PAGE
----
EnGeniousAg’s easy-to-use nitrogen sensor can save farmers money — and help them better steward the land they depend on.
As an entrepreneurially minded plant scientist, Patrick Schnable got excited when he learned Liang Dong had developed a nitrogen sensor.
Dong, the Vikram L. Dalal Professor of Electrical and Computer Engineering, is a Plant Sciences Institute Scholar recruited to Iowa State by Schnable to do collaborative research that helps agriculture.
Nitrogen monitoring is a problem. Failing to use enough on a corn crop puts yields and profitability at risk. Use too much, and it wastes money and potentially harms the environment. Accurate nitrogen testing can be a challenge, though, because factors like soil makeup, weather, and crop genetics can interfere.
Identifying nitrogen need
Dong’s innovation addresses this problem and has led to founding EnGeniousAg LLC, the latest business launched by Schnable, who is the Iowa Corn Promotion Board Endowed Chair in Genetics and director of the Plant Sciences Institute. The business partnership includes Dong; Mike Castellano, the William T. Frankenberger Professor in Soil Science; and Schnable’s son James, an agronomist at the University of Nebraska.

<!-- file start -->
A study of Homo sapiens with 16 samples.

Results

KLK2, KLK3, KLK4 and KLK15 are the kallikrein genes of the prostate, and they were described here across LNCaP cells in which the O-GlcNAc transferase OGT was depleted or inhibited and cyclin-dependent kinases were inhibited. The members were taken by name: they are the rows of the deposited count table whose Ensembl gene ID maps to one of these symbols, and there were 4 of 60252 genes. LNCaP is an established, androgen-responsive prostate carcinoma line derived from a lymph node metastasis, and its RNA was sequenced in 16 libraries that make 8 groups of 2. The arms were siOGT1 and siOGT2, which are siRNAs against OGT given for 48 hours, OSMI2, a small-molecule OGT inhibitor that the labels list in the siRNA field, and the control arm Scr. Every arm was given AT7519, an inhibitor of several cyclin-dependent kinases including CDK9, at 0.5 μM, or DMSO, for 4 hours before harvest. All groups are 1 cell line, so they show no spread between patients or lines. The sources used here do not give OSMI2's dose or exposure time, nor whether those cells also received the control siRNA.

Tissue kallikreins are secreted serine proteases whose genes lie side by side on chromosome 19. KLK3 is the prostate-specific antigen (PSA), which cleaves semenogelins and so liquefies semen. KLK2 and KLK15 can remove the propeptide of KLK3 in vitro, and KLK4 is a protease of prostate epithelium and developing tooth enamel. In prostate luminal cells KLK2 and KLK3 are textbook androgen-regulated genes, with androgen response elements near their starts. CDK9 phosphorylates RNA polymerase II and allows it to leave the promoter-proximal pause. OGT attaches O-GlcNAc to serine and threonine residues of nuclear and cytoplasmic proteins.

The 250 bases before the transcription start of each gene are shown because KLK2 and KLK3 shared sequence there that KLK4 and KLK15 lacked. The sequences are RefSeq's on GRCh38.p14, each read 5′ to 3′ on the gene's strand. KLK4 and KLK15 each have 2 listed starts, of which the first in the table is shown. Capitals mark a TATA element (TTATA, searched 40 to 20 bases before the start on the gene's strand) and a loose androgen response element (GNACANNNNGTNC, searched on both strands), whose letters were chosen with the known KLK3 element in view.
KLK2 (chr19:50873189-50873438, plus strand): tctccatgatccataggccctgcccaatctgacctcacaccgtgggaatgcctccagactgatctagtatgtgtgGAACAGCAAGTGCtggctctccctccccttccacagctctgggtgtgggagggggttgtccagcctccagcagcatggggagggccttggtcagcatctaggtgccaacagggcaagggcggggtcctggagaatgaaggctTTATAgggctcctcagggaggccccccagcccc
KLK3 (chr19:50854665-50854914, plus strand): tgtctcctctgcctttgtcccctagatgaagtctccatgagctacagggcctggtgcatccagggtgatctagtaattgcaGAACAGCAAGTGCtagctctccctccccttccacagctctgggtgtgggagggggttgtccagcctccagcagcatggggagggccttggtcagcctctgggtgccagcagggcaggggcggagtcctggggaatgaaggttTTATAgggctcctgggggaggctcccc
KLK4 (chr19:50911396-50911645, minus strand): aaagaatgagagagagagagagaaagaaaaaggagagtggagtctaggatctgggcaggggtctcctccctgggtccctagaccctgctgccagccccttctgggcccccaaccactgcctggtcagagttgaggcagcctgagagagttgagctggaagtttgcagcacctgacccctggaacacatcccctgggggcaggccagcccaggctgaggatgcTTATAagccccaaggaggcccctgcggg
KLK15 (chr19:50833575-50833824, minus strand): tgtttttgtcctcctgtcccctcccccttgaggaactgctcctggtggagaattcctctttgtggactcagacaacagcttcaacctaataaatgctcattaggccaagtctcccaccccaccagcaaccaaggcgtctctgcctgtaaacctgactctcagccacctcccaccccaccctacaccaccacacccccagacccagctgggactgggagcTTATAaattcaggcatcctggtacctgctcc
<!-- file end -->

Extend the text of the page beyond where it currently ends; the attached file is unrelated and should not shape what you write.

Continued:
“It can be hard to determine the appropriate amount of nitrogen to put on a field. Some fields need it, some don’t, and it changes from year to year,” says Schnable says.
In any given year, a significant percentage of fields don’t need nitrogen fertilizer, despite producing average or above-average yields. Identifying fields that won’t benefit from nitrogen fertilizer could save billions of dollars in inputs.
Most ‘Engenious’? It’s user-friendly
EnGeniousAg, based at the ISU Research Park, received a $1 million National Science Foundation Phase II Small Business Innovation Research grant. The grant funded extensive field testing, helping to refine the nitrogen sensor and ensure its user-friendliness.
The sensor is a hand-held device with two prongs that a farmer can take into the field and insert into a cornstalk to get a nitrogen level reading within seconds. This enables prompt and appropriate nitrogen application decisions, which contributes to profitability and reduces excess nitrogen entering the soil, air, and waterways.
Not only can the technology behind the innovative sensor filter out other materials that can skew a nitrogen reading, the sensor could also be used to detect nitrates in water, measuring the effectiveness of mitigation strategies such as nitrogen-capture in wetlands.
“This device is so cool because it benefits everyone,” Schnable says. “It validates our whole approach to developing new technologies that solve problems.”